Gaza – Ubuntu – “It is in each other’s shadow, that we flourish.”

We are in this Israeli-Palestinian conflict, together. In this posting, I quote Mary Robinson (more info here and here) who is one of The Elders, the group of independent leaders who work globally for peace and human rights (click here). In a recent interview in celebration of Mandela Day 2014 (here), Robinson offers an observation about the meaning of life in terms of the African concept, ubuntu, (“I am because you are”) and a similar expression in Irish: “Is ar scáth a chéile a mhaireann na daoine.” It means, “It is in each other’s shadow that we flourish.” (quoted from here)

As described on The Elders’ website, Mary Robinson was the: “First woman President of Ireland and [is a] former UN High Commissioner for Human Rights; a passionate, forceful advocate for gender equality, women’s participation in peace-building and human dignity.

“Part of the wisdom of the Elders is to remind the world that we actually have universal values that are accepted by every government in the world and yet they are not being implemented.” ” (here)

People in civil society in Israel are calling for peace and dialogue (for example, here). People around the world are calling for an end to the violence and the phrase, war crimes, is used increasingly (for example, here).

Navi Pillay is the current UN High Commissioner for Human Rights. On 23 July 2014, she stated: “A seven-year old Palestinian child in Gaza has never known life outside occupation and is already living through her or his third experience of a major Israeli military operation, including the so-called operations ‘Cast Lead’ in 2009 and ‘Pillar of Defence’ in 2012, with all the unimaginable death, destruction, terror and the life-long consequences that they inflicted.

Both Palestinians and Israelis deserve better than a life of chronic insecurity and recurring escalation in hostilities.” (for Pillay’s full statement, click here) Commissioner Pillay is also quoted as saying that “… ‘147 children have been killed in Gaza over the past 16 days. They had a right to life, just like children in any other countries.’

Pillay said Israeli children shared these rights and should also be able to live without fear of rocket attacks from Gaza. The indiscriminate nature of Hamas rocket fire, Pillay said, also clearly went against principles of distinction and precaution when identifying military targets.” (For the full article and video, click here.) (Click here for an article in The Guardian.)

Commissioner Pillay ended her statement with the following: “I, and my predecessors and successors as High Commissioner for Human Rights, can only offer the facts, the law, and common sense. This we have done, and — I am sure — will continue to do, however much we are criticized for it.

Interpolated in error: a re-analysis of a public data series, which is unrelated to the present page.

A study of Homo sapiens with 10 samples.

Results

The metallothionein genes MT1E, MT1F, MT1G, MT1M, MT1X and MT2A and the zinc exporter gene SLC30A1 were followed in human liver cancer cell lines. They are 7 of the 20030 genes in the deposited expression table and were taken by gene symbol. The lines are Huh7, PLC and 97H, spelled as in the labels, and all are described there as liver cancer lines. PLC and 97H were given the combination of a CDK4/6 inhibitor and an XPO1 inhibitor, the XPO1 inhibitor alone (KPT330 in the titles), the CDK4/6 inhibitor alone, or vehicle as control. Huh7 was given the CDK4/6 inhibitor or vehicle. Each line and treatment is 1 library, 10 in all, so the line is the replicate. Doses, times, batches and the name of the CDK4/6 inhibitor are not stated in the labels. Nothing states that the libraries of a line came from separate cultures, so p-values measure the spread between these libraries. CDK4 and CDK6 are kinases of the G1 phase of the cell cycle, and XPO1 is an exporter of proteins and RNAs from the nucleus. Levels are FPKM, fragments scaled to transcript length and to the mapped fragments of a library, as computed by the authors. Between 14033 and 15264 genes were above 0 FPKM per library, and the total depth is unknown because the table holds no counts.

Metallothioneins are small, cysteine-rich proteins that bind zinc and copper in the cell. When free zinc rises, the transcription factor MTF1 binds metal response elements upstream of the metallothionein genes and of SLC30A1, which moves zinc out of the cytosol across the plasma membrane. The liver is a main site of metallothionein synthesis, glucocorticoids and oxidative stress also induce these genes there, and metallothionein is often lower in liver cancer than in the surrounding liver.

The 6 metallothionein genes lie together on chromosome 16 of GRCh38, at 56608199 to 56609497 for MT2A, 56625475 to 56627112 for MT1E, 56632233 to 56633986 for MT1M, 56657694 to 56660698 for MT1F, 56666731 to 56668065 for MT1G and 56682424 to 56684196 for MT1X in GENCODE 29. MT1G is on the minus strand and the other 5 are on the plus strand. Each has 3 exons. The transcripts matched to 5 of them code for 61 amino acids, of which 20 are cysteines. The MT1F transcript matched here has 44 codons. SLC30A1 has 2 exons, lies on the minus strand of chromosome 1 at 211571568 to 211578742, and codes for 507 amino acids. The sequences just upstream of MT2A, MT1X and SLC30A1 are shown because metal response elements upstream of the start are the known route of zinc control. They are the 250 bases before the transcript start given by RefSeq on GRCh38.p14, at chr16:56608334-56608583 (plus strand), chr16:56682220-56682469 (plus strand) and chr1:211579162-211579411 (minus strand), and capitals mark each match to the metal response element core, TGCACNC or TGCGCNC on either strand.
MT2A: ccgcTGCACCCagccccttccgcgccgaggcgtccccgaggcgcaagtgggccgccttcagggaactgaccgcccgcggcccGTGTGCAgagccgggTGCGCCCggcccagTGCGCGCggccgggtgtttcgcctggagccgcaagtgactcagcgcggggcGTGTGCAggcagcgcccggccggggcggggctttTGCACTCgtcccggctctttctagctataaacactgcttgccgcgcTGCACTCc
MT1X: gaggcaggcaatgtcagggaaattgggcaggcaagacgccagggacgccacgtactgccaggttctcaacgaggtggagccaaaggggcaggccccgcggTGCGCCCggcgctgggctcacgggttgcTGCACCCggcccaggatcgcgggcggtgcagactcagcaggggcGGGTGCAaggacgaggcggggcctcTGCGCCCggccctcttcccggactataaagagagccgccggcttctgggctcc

We, as the International Community, the United Nations, the Human Rights Council, States, and as human beings, are obliged to do everything in our power to protect all civilians and ensure that human rights are respected, protected and fulfilled worldwide.

In Israel and Palestine, the politics of conflict, peace and security are constantly leading to the downgrading, or setting aside, of the importance of binding international human rights law and international humanitarian law. International law is not negotiable. No individual or state can be considered exempt, if they violate the law.” (for Pillay’s full statement, click here)

I am glad that Commissioner Pillay is speaking out. I am glad that Mary Robinson continues to speak out.

I was asked recently about why I blog, why I participate in EAPPI. If people like these women hadn’t spoken out, I might not exist. Surprised? Well, one of my sets of grandparents and my parents had, in some people’s eyes, “mixed marriages”. From extreme perspectives in the midst of the Irish Troubles, news of a Catholic woman and a Protestant man could set off violence (click here). For most of my life, I’ve grown up wondering how I could have both identities within me. Thankfully, with immigration to Canada, my family members could choose to marry. When I visited Palestine and Israel in 2009, I recognized some dynamics in that conflict that were familiar to me, from what I knew about the Irish Troubles. I realized that I could choose to respond to what I saw, to help someone else. It’s about looking and learning, and choosing to act. Here’s another helpful article about the conflict in Palestine and Israel (here).

Thanks for being there. We, as humanity, do impact each other and the rest of this amazing planet. Together, we can flourish.